Court Draws Line on Colorado GOP Redistricting Case
By Brian Faler
Wednesday, June 9, 2004; Page A06
The Democrats got some good news in their uphill battle to take control of the House. The Supreme Court has rejected a Republican-backed plan to redraw the congressional districts in Colorado in a way that would have favored GOP candidates.
On Monday, the court declined to hear an appeal of a Colorado Supreme Court decision that threw out that Republican redistricting plan last year. The state court had ruled that the Republican-controlled legislature violated Colorado's constitution when it approved the redistricting plan in 2003, after a judge had already redrawn the districts' boundaries. Those boundaries, the state court had said, could only be reconfigured once a decade, after a census.
Ted Halaby, head of the state Republican Party, told the Associated Press that he still hoped to overturn the state court's decision through a separate court case wending its way through a federal court in Denver.
The current map gives Democrats a much better shot of both unseating Rep. Bob Beauprez (R), who won in 2002 by fewer than 200 votes, and winning the seat being vacated by Rep. Scott McInnis (R).
Campaign Signs Off
Rep. Charlie Gonzalez (D-Tex.) will not have to run against his ex-wife, after all.
Becky Whetstone, who divorced the three-term House member before deciding to challenge him in this year's election, fell short this week in her bid to get her name on the ballot. Whetstone, who was running for the seat as an independent, needed to collect 500 signatures to reserve her place in what would surely have been an explosive campaign. But despite a flurry of media coverage that had enveloped the race, she lacked 47 signatures.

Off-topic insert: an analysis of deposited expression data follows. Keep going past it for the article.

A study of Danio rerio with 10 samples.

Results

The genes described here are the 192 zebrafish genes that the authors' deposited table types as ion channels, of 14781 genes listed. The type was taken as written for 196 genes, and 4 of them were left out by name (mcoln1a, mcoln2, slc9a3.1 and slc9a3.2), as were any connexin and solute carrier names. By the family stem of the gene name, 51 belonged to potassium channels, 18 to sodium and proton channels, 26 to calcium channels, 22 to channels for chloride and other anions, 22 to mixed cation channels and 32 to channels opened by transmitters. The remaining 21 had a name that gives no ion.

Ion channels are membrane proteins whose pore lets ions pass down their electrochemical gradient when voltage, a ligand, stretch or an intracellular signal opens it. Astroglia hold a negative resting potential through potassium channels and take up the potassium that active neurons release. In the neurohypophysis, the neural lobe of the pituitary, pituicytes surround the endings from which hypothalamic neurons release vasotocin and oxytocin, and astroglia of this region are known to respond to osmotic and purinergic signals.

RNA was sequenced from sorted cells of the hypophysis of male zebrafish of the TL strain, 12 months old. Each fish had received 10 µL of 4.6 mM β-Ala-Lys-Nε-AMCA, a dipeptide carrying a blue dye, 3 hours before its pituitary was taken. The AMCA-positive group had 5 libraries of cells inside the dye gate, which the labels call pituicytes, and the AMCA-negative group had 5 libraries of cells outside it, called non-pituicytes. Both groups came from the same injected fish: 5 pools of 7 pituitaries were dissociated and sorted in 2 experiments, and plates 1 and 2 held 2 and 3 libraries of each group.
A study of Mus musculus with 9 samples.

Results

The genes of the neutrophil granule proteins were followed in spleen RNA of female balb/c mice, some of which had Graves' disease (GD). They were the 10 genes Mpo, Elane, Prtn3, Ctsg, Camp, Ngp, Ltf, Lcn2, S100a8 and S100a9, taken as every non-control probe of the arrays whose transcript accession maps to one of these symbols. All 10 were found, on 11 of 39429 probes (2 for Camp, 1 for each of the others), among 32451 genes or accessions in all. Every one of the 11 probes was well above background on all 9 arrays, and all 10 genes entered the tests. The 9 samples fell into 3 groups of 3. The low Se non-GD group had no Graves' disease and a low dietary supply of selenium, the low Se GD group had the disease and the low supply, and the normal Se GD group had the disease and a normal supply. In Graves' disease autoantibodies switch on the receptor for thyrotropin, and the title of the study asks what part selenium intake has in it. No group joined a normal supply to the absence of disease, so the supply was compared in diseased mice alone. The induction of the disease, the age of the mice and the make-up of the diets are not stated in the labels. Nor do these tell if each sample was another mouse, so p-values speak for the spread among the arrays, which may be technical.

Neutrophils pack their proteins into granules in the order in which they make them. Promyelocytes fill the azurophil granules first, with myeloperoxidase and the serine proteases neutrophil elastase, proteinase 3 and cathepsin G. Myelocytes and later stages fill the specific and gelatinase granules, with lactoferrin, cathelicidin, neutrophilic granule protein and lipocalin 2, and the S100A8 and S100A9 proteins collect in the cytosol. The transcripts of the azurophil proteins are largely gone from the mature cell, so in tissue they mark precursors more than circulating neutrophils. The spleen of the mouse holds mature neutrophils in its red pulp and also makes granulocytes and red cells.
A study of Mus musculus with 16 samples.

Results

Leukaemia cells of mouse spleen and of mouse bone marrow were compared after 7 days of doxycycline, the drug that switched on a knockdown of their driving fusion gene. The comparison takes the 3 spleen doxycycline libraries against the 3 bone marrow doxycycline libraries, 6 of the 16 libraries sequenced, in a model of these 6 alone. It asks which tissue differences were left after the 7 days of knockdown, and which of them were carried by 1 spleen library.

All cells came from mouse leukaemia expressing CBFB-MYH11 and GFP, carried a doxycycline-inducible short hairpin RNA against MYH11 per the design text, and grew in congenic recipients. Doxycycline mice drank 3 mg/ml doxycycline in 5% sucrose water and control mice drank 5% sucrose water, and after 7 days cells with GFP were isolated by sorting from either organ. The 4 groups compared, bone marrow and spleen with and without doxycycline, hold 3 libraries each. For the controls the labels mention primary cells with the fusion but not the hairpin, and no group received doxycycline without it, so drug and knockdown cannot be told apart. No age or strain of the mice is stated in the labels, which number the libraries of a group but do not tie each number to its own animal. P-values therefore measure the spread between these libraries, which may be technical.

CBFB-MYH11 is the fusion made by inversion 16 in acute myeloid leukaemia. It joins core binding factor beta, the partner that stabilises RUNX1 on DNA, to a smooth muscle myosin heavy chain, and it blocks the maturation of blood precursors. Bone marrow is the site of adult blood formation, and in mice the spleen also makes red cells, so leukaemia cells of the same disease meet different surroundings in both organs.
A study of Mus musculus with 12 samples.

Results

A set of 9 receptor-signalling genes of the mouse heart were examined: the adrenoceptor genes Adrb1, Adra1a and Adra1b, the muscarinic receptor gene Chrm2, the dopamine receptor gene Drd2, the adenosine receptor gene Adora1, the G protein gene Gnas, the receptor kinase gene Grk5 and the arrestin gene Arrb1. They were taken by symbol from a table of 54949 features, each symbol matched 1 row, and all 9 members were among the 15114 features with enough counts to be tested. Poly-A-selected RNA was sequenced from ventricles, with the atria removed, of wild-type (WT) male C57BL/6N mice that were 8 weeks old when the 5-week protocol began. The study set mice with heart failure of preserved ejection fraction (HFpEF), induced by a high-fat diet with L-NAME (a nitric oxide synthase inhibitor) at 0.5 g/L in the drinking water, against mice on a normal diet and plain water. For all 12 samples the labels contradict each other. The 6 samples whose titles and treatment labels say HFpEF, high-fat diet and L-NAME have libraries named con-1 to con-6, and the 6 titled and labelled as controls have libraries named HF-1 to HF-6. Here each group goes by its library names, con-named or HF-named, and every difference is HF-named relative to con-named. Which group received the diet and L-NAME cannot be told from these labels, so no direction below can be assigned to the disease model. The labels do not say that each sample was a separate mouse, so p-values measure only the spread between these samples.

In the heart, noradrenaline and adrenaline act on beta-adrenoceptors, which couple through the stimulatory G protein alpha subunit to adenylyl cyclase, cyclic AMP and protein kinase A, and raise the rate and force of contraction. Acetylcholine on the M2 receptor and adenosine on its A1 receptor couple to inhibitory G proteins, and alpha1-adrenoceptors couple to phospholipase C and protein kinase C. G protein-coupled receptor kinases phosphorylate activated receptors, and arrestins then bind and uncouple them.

"In the signature gathering process, we followed all of the directions of the Secretary of State, questioned the voters as to their eligibility before getting their signatures, and felt confident we had more than enough to meet the requirement," Whetstone said in a statement posted on her Web site. "I'm disappointed that I will not be able to offer voters of the 20th District a choice in this election."
Rep. Ballance to Resign
Rep. Frank W. Ballance Jr. (D-N.C.) announced yesterday that he is resigning from Congress.
The one-term House member said in a statement that a previously diagnosed medical condition is preventing him from fulfilling his official duties. "I made this decision because I am no longer able to carry out the responsibilities of this office," he said.
Myasthenia gravis was diagnosed in Ballance, 62, last year. The condition causes severe fatigue and weakness, his spokesman said. The congressman, who already had announced that he would not seek a second term in office, has been taking medication for the ailment. But a recent hospitalization helped convince him that he could no longer serve in office, his spokesman said. Ballance's resignation is effective Friday.
State law requires Gov. Mike Easley (D) to call a special election to fill the seat.